What are Adjectives?
If you just use the word “car” in English, it’s not clear to your listener which car you mean, without some sort of context. However, if you say “the small, blue, broken car” instead, you give a much clearer picture as to which car you mean. Words such as small, blue, and broken are called adjectives. They are words that describe nouns, which are people, places, or things. These descriptive words exist in Japanese as well, and can be very useful, just as they can in English.
Types of Japanese Adjectives
There are two types of Japanese adjectives, -i adjectives and -na adjectives. They are written with a dash before them because they indicate the ending used on the adjective. The distinction is made when the adjective describes a noun, as shown by the following example.
shizukana hoteru (a quiet hotel)
furui hoteru (an old hotel)
The first adjective, shizuka, is followed by the na in order for it to describe hoteru. The second adjective, furui, is followed by i for the same purpose. When learning a new adjective in Japanese, it is important to see it used to describe a noun, because by itself, sometimes you cannot tell. Typically, -i adjectives are written with the final i in all contexts, conjugations aside. However, -na adjectives are often written without the final na when they are by themselves; thus the need to see a noun in order to determine the group of the adjective.
Things to Watch For
Some of the more common adjectives can be quite tricky, such as kirei (clean or pretty). At first glance, you may think this is an -i adjective, because it has a final i. However, look at it used in the following sentence:
Are wa kireina kutsu desu. (Those are pretty shoes)
Between the adjective kirei and the noun kutsu, we clearly see the na, indicating that this is, in fact, a -na adjective. There are many adjectives like this in Japanese, so it is important to see the usage of each when you first learn the word.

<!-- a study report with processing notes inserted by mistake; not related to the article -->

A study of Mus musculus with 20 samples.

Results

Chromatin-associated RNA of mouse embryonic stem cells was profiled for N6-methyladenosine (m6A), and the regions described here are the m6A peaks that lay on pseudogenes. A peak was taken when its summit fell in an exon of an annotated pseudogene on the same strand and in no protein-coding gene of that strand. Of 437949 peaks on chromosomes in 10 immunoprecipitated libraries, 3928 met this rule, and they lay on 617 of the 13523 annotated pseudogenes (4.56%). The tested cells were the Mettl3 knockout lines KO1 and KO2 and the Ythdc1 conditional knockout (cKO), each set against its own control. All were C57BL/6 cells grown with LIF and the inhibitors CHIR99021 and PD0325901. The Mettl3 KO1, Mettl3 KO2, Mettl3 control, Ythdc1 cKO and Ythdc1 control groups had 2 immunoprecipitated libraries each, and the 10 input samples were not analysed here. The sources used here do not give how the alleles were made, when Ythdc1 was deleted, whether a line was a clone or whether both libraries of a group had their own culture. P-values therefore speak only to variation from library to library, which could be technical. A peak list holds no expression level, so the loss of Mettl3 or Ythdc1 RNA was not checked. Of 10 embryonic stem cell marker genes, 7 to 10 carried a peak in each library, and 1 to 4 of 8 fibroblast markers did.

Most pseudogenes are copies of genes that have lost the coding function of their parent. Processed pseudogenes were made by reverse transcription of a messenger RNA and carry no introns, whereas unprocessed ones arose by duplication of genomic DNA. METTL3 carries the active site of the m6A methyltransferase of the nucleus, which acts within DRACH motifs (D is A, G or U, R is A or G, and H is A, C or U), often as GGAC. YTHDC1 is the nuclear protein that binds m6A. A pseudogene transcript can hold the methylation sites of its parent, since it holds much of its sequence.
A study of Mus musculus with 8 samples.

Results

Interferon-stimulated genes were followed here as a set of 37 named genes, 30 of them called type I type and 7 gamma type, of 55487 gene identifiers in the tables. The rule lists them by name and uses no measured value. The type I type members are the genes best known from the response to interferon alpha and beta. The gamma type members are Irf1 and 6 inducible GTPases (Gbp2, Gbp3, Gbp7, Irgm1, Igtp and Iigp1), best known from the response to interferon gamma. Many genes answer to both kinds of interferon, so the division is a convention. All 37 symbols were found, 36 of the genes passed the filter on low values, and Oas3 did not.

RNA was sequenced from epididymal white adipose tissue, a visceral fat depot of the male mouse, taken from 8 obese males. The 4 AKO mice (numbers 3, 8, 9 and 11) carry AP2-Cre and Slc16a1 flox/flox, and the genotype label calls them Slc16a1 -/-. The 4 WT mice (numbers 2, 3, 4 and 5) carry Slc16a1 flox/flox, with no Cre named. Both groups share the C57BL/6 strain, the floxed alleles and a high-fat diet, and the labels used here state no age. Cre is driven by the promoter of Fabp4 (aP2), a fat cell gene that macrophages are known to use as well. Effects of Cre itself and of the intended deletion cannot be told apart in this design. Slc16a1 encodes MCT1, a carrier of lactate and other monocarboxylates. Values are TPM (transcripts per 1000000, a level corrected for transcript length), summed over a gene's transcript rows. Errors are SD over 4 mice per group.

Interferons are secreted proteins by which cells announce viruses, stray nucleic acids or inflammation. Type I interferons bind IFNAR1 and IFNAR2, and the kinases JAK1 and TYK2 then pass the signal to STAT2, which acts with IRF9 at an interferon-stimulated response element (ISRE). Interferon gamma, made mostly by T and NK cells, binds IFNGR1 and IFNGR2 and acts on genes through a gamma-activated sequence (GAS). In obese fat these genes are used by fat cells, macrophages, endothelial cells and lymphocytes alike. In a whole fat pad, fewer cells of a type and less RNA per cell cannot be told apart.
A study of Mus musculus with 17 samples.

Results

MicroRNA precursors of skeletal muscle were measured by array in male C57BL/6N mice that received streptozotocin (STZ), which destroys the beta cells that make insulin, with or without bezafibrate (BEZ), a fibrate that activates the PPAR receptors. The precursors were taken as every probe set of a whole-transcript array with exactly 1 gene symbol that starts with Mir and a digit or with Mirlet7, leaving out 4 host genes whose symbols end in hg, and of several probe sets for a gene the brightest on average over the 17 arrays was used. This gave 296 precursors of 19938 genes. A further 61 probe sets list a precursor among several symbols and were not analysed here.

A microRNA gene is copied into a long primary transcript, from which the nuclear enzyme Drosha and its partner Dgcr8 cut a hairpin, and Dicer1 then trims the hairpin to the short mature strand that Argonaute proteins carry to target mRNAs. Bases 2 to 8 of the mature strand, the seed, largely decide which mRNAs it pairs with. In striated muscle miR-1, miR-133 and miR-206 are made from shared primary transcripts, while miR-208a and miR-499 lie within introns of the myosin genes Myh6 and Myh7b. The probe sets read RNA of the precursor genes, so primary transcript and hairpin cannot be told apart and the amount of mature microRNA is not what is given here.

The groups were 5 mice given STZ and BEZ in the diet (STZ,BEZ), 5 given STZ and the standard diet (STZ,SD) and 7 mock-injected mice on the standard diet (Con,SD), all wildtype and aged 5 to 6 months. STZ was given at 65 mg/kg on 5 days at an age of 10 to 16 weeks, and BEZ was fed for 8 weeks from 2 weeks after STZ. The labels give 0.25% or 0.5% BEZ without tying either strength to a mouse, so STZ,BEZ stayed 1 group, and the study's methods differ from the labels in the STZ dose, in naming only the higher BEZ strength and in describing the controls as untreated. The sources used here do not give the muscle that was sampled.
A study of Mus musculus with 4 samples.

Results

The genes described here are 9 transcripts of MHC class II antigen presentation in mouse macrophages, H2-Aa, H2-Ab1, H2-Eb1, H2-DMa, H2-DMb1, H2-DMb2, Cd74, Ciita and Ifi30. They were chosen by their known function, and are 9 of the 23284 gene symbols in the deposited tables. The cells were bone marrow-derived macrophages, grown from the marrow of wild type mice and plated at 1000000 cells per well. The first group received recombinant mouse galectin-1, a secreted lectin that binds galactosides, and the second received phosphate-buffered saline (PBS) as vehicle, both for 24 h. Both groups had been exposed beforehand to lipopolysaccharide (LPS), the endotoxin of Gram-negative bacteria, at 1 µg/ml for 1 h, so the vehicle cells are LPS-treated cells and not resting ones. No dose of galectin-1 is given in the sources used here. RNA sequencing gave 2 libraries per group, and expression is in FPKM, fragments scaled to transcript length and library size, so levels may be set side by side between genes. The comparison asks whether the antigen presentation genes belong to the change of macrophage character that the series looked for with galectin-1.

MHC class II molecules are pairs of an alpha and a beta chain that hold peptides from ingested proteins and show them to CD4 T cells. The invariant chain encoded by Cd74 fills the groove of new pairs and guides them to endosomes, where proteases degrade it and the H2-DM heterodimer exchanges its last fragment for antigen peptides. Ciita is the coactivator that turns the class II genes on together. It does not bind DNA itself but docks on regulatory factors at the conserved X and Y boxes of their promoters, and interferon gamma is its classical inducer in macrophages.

Another case comes with adjectives such as ookii (big) or chisai (small). These two adjectives, and some others like them, can be used as both -i and -na adjectives, as seen in the following example:
chisai hon (small book)
chisaina hon (small book)
There is no difference in meaning between the two, and choosing which form to use often boils down to personal preference, as well as dialect. For foreigners, it is typically best to pick one of the two and stick with it, until you are comfortable making the distinction.
Why does it Matter?
You may find yourself wondering, “Ok, so what if I use the wrong form? Won’t I be understandable either way?” This is a fairly reasonable question, especially from a native English speaker. After all, in English, our adjective groups are quite similar, and as a result, even native speakers constantly mix them up. While it may be proper English to say that one person is smarter than another, you would not be confused by someone who said that one person is “more smart” than another, even though it is incorrect.
In Japanese, however, adjectives play a larger role in the overall sentence structure. Depending on where you are in your studies, you may not have encountered it yet, but you will find that in Japanese, adjectives actually conjugate, just like verbs, to show affirmative, negative, and temporal differences. Due to this fact, -i adjectives and -na adjectives actually behave quite differently, and using the wrong form for one can be quite confusing, especially when you are in a different tense for your adjective.
In the end, it is a very small, yet important point to remember about the Japanese language. Simply using each new adjective you learn in a sentence can make a world of difference in your studies, and will greatly help you to distinguish between the two groups.